A Guest post from Martin over at the Fantasy Fleets blog
Many of us have spent the last two years trying to get a handle on what position the UK can or should play in the world. This is far more than the government seems to have done since 1998 instead favoring muddling through moving from crisis to crisis while salami slicing budgets when the finances have dictated the need for cuts.
One thing we have lost in the post-cold war environment is the ability to look at grand strategy. Not simply assessing our security needs for the next 5 years but really looking at what the world will be like in 50 years and trying to steer our foreign and military policies to achieve our goals over that period.
I want to look into the future world post 2015 once we are out of Afghanistan and highlight the areas and allies we should look to cultivate to give us maximum affect in the future up to and beyond 2050.
While it is difficult to say what tomorrow will bring we can analyse economic and political trends over a longer period to get an idea of what we are likely to face. This type of analysis seems to be something that both the MOD and foreign office are now completely incapable of.
If we are going to continue spending £40 billion a year of tax payer’s money and hopefully more in future then we must demonstrate real clear value for this expenditure. Defence spending has the most illusive benefits of any government budget. If we were to cut it to zero tomorrow what would happen, who knows? If we cut the NHS budget to zero tomorrow then thousands of people would die. The British public do not necessarily consider things like the UK having the second biggest aerospace sector in the world largely based on R&D conducted by the military over the past 100 years.
Again and again we have come back to the debate on whether or not maintaining world power status (if we have it) is worthwhile. I come down on the side of yes we do have it. It is worth keeping and if we want to keep it we can.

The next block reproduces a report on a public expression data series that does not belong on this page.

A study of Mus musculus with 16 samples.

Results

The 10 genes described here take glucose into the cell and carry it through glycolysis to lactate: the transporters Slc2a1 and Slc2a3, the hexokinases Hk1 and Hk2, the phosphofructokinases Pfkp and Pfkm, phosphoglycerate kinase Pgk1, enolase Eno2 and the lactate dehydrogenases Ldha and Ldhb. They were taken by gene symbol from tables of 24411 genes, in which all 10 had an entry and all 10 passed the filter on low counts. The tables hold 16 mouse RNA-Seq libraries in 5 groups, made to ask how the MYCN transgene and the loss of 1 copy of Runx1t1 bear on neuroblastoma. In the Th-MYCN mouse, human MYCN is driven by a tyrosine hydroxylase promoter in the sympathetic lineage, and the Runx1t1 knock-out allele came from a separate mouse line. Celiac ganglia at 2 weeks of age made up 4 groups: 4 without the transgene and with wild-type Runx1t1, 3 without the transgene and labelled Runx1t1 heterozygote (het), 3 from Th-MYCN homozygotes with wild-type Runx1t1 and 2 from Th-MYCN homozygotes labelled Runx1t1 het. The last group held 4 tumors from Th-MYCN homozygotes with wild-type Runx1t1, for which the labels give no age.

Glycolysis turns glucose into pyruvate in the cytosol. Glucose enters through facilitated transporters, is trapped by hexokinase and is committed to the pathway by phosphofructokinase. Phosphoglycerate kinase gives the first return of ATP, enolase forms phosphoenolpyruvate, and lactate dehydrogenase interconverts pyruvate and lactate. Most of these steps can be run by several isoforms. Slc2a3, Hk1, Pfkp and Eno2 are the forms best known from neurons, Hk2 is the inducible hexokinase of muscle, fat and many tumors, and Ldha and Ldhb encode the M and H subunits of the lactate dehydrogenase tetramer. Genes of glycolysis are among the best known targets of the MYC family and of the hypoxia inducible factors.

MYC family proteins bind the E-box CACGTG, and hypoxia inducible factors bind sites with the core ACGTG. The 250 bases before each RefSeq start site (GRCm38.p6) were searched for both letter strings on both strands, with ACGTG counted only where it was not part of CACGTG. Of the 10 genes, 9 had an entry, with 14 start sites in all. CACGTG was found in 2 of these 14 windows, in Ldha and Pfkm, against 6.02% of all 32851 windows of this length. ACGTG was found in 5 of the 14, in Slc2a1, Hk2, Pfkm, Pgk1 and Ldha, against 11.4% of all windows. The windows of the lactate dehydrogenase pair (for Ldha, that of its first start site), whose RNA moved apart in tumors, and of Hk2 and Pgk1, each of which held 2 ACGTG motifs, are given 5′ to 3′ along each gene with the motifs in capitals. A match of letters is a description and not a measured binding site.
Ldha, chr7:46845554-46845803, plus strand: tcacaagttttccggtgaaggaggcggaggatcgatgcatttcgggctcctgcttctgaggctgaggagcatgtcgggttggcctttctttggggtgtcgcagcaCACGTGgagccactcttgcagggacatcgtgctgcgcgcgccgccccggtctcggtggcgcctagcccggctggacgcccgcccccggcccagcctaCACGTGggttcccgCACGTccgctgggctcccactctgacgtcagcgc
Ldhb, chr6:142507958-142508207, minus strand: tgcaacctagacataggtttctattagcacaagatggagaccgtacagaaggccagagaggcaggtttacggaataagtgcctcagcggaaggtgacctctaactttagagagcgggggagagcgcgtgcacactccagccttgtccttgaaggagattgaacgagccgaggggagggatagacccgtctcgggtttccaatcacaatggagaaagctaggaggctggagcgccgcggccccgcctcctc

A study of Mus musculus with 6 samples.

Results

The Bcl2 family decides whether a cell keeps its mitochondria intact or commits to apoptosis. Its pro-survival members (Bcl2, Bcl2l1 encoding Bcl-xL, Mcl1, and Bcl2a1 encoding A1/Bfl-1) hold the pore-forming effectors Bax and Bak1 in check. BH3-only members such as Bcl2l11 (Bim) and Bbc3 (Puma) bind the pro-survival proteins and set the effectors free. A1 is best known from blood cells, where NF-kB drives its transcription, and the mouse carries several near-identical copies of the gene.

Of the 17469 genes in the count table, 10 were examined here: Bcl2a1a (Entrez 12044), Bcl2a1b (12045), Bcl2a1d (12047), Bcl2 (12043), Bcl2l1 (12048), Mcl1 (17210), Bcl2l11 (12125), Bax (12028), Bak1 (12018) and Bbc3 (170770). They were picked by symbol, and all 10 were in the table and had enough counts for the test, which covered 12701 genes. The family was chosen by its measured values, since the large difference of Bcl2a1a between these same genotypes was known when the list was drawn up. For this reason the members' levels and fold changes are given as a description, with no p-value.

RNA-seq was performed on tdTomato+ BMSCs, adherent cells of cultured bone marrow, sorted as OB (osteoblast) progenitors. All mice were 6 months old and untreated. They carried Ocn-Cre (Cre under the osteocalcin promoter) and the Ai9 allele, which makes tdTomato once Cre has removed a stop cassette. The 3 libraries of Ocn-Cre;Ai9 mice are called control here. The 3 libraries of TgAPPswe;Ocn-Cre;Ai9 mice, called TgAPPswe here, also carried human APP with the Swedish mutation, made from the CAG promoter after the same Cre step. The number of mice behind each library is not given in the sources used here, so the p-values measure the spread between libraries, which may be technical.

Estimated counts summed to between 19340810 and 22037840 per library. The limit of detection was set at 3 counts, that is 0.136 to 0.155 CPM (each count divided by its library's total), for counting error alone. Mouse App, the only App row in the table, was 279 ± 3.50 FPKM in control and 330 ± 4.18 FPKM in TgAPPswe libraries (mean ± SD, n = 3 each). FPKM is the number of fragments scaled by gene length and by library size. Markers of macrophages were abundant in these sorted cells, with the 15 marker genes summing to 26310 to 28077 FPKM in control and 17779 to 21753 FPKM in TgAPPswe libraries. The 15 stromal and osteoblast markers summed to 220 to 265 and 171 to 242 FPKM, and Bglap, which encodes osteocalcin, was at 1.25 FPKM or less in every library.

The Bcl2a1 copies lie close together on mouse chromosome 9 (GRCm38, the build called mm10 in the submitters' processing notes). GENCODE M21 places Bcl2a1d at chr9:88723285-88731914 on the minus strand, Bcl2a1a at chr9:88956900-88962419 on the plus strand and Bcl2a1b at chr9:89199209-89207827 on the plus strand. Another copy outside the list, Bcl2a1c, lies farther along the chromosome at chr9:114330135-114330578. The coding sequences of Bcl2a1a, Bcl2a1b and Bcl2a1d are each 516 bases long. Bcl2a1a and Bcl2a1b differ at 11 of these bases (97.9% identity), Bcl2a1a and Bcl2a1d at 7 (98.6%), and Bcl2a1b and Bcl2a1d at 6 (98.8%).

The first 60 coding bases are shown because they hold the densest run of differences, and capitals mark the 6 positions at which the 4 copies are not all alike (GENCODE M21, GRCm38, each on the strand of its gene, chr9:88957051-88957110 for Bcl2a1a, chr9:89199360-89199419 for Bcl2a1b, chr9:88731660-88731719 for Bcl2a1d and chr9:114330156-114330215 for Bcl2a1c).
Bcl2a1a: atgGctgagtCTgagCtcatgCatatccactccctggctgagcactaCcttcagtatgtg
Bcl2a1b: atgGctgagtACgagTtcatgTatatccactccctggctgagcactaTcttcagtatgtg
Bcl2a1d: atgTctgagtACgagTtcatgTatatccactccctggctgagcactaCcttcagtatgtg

In this series of 5 posts I will try to put forward my arguments for this and what foreign and military policy we will have to pursue over the next 50 years to maintain and possibly even enhance our present position.
Security and Defence Threats
As many of us have pointed out we have very little in the way of conventional threats that are likely to face the UK in the next 5-10 years. The threat of terrorism is relatively limited in its ability to impact our daily lives in the way that a Russian invasion would. We certainly cannot justify £40 billion a year to guard against this threat.
We can really only justify a substantial military budget on two grounds.
One, the ability to regenerate a substantial force should we need it in the future.
Two, the ability to defend and influence our allies and deter any potential enemies.
We can really only justify the second if we gain something from having those allies.
Since the end of the cold war we have increasingly used force to try and make the world a better place, whether bombing Serbia or invading Afghanistan. Some of these operations have met with great success while others have been failures. One thing we must realise is that we can no more bring democracy and capitalism to the world at the barrel of a gun than the soviets could bring communism.
Egypt and Tunisia have shown that if people want these things they will fight for them. We may need to help things along as we did in Libya but if it takes 100,000 plus troops on the ground for a decade or more then the juice is not worth the squeeze. No magnanimous international force appeared to take out Cromwell for us or bombed Edward the First as he invaded Scotland and butchered the people of Berwick. Today we are better for it. Our ancestors fought for democracy, nationalism and their freedom. They built enduring institutions and laws to safe guard these hard one freedoms. We should not look to intervene in other countries development other than with limited means.
We must also avoid getting involved in areas where we have little substantial interest or potential gains. It is okay to intervene in Eastern Europe as it’s on our boarders. We can suffer losses intervening in the Gulf, like it or not we need their oil. Can we really justify major expenses of blood and treasure in the mountains of Afghanistan or the cities of Zimbabwe? We must remove the woolly liberal ideals that have often steered our foreign policy over the past 20 years and get back to a little naked self-interest. We must also make sure we have the military capability to back it up.